A panel of judges in the 7th U.S District Court of Appeals have reinstated a class action suit against the retailer Neiman Marcus in connection with a data breach that occurred back in 2013.
Between July 16, 2013 and October 30, 2013, malware secretly installed on its systems collected the payment card information of Neiman Marcus customers. This led to as many as 320,000 cards being used for fraudulent purposes, as Visa, MasterCard, and Discover later informed the retailer.
In January of 2014, it was revealed that a total of 1.1 million cards may have been visible to the malware.
Several months later, U.S. District Judge James B. Zagel rejected a class action lawsuit filed in connection with the breach on the grounds that it was impossible to determine if customers had suffered concrete harm, for most of the plaintiffs involved were not claiming they were not reimbursed for fraudulent billings.
Judges with the 7th Circuit have since overturned this decision on the grounds that sooner or later, fraudulent billing is expected to occur in most hacking cases.
“The Neiman Marcus customers should not have to wait until hackers commit identity theft or creditcard fraud in order to give the class standing, because there is an ‘objectively reasonable likelihood’ that such an injury will occur,” wrote Chief Judge Diane Wood for a panel that also included Judges Michael Kanne and John Tinder.
According to the judges, the plaintiffs have additional standing because some of them paid for credit monitoring services that were offered by Neiman Marcus. This demonstrates that in the case of the data breach, the retailer itself acknowledged that harm in this situation was not speculative and was a real and immediate threat.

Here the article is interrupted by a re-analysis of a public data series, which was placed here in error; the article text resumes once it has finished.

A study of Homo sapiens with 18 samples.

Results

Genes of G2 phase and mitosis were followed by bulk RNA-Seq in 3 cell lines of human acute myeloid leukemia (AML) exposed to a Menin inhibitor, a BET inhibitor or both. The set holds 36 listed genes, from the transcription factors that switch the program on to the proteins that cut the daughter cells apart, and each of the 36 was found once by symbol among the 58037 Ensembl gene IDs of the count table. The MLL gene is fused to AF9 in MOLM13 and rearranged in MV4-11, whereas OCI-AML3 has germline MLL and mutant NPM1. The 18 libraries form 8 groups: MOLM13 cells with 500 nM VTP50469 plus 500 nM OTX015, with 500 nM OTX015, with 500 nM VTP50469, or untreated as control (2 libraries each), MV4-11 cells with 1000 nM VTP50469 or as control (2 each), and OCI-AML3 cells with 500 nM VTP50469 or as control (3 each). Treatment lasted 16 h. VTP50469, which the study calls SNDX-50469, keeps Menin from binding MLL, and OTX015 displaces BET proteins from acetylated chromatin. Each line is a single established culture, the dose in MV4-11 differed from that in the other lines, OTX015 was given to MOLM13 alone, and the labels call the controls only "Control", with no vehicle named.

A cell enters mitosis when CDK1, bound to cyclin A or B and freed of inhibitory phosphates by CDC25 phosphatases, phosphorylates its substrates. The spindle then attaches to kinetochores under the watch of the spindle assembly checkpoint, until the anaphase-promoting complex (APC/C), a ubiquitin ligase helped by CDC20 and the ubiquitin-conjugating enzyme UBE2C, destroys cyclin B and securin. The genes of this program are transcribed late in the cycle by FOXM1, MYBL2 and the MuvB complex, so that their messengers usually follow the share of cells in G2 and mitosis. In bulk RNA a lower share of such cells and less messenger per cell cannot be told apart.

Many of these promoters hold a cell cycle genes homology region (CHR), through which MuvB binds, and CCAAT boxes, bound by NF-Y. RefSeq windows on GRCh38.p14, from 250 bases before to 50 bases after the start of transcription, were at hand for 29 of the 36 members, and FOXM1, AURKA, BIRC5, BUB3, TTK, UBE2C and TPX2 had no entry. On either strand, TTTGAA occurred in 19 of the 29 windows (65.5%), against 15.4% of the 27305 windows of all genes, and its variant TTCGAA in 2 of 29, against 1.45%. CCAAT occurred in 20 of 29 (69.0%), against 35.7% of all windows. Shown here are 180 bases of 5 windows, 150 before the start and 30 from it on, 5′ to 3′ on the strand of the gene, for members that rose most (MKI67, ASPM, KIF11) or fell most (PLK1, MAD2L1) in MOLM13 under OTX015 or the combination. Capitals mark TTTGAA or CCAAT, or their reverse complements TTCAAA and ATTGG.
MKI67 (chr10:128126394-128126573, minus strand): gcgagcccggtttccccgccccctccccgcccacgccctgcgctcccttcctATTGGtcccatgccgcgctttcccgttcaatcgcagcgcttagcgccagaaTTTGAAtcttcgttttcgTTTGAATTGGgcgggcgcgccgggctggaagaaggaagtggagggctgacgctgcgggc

“This decision is a monumental win for all current and future data breach victims, who have no choice but to entrust their sensitive personal information to large corporations for safekeeping in order to function in our society,” Tina Wolfson, founding partner at Ahdoot & Wolfson, PC, who represents the victims in this case, told Benzinga.
News of this suit follows the announcement of a separate legal action against Experian, which offered its ProtectMyID service to customers following the Neiman Marcus breach, for its failure to detect that a customer of its data broker subsidiary was a scammer who sold resold customers’ identities to thieves for nearly 10 months.